Here's How You Can Read The Real "Hello, I'm Fat" Essay From Hulu's 'Shrill'

Allyson Riggs / Hulu

SNL may have been what initially put Aidy Bryant on your radar, but now thanks to Hulu's new comedy series, Shrill, she's becoming even more of a household name. The series serves as an adaptation of Lindy West's 2016 essay collection Shrill: Notes from a Loud Woman, with Bryant playing the role of Annie Easton, who is based on West herself. Given how much this show is seeped in reality, those who have watched Season 1 may be wondering if the "Hello, I'm Fat" article in Shrill actually exists as well. And the answer to that question is a resounding "yes!" and it's something that is definitely worth your time and attention, whether you're a fan of the series or not.

But first, let's back up for a second and dive into how this fantastic article came about in the first place. In the series, Bryant's Annie goes on a journey of self love and becomes much more confident in her own body. That is until she gets fat-shamed at work by her boss, Gabe, who makes unflattering remarks about her weight. This encounter quickly ignites a fire in Annie, prompting her to write a blog post about what happened. She decides to title the article "Hello, I'm Fat," which goes on to garner a lot of traction from readers, to Gabe's utter shock and horror.

It's terrible to think that Annie had to deal with being treated in such a way by anyone, let alone her boss, yet the situation parallels a real-life experience West went through as well. While writing for the Seattle alt-weekly newspaper The Stranger, West found herself in the center of a very public debate with her then-boss, Dan Savage, who, according to Vogue, helped to perpetuate the culture of fat-shaming in several of his articles. This inspired West to write her real-life essay "Hello, I'm Fat" on the newspaper's blog and ultimately led to Savage responding with an essay of his own, entitled "Hello, I'm Not the Enemy."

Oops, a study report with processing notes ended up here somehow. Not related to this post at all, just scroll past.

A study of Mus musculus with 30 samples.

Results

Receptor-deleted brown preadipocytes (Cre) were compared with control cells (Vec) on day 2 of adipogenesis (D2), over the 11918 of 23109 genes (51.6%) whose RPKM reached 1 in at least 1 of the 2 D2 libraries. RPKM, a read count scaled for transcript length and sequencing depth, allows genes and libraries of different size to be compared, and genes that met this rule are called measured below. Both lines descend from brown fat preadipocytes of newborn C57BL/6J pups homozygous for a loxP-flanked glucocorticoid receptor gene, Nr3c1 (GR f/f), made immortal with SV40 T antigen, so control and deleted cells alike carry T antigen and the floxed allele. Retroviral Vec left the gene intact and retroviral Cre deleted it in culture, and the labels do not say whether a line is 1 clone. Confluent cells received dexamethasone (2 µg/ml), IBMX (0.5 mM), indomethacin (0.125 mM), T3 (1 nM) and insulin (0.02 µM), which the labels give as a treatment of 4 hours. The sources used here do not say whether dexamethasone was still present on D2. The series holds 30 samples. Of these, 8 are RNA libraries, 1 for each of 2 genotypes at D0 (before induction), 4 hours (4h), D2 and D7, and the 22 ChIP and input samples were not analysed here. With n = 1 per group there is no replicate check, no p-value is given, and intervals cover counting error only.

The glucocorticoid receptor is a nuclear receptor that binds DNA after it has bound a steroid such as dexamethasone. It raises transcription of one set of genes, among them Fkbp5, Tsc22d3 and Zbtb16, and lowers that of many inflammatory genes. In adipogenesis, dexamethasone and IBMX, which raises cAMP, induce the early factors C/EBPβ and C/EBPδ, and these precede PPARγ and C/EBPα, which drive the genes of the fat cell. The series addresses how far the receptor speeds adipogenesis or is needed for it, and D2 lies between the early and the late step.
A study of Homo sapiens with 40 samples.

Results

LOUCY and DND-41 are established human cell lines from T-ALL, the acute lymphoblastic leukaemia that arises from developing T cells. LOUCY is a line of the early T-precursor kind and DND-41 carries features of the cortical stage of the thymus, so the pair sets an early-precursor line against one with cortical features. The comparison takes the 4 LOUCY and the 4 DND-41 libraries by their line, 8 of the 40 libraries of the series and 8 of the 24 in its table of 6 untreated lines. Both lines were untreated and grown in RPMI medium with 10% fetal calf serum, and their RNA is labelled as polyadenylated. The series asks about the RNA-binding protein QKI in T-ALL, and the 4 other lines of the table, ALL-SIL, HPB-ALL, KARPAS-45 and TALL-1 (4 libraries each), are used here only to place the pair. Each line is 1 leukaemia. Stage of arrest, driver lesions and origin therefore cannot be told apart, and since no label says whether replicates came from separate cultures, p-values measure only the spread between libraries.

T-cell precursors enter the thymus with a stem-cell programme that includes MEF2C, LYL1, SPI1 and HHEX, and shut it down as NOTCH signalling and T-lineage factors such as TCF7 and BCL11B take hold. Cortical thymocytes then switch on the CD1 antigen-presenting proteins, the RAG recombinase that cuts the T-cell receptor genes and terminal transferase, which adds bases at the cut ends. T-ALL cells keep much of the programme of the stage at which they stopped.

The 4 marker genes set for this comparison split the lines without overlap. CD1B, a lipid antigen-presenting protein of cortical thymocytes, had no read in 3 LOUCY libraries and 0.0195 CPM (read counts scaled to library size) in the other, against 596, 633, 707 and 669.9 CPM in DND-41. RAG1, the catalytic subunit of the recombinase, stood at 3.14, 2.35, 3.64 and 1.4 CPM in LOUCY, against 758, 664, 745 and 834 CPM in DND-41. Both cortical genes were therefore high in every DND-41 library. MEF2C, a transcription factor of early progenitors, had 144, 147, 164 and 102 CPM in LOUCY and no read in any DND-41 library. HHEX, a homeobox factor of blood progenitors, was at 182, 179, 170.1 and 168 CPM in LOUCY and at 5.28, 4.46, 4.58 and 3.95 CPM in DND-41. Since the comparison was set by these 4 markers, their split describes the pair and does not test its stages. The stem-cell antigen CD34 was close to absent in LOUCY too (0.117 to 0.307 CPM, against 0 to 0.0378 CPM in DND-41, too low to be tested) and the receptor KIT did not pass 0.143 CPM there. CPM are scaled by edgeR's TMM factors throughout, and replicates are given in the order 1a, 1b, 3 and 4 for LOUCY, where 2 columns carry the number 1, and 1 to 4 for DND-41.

But while the article itself is very, very real, that doesn't mean the show is an exact mirror of the author's life. In fact, West revealed to Page Six over the show's premiere weekend that, despite how similar the stories may seem, the character of Gabe is not based on Savage in any way. According to West, she and Savage remain on excellent terms and hold no grudges, telling the outlet:

"Dan and I patched it up immediately and so there's no conflict, but it's funny that I'm answering questions about it. I was feeling really nervous because I hadn't talked to him about the show when I knew people were going to be asking about it and assuming that the character is him ... We actually had this really lovely talk and he was really supportive and really excited about the show and he laughed about how we’re supposed to be in a fight. We almost took a selfie to prove to the world that we're not, but then we both looked like garbage so we decided not to."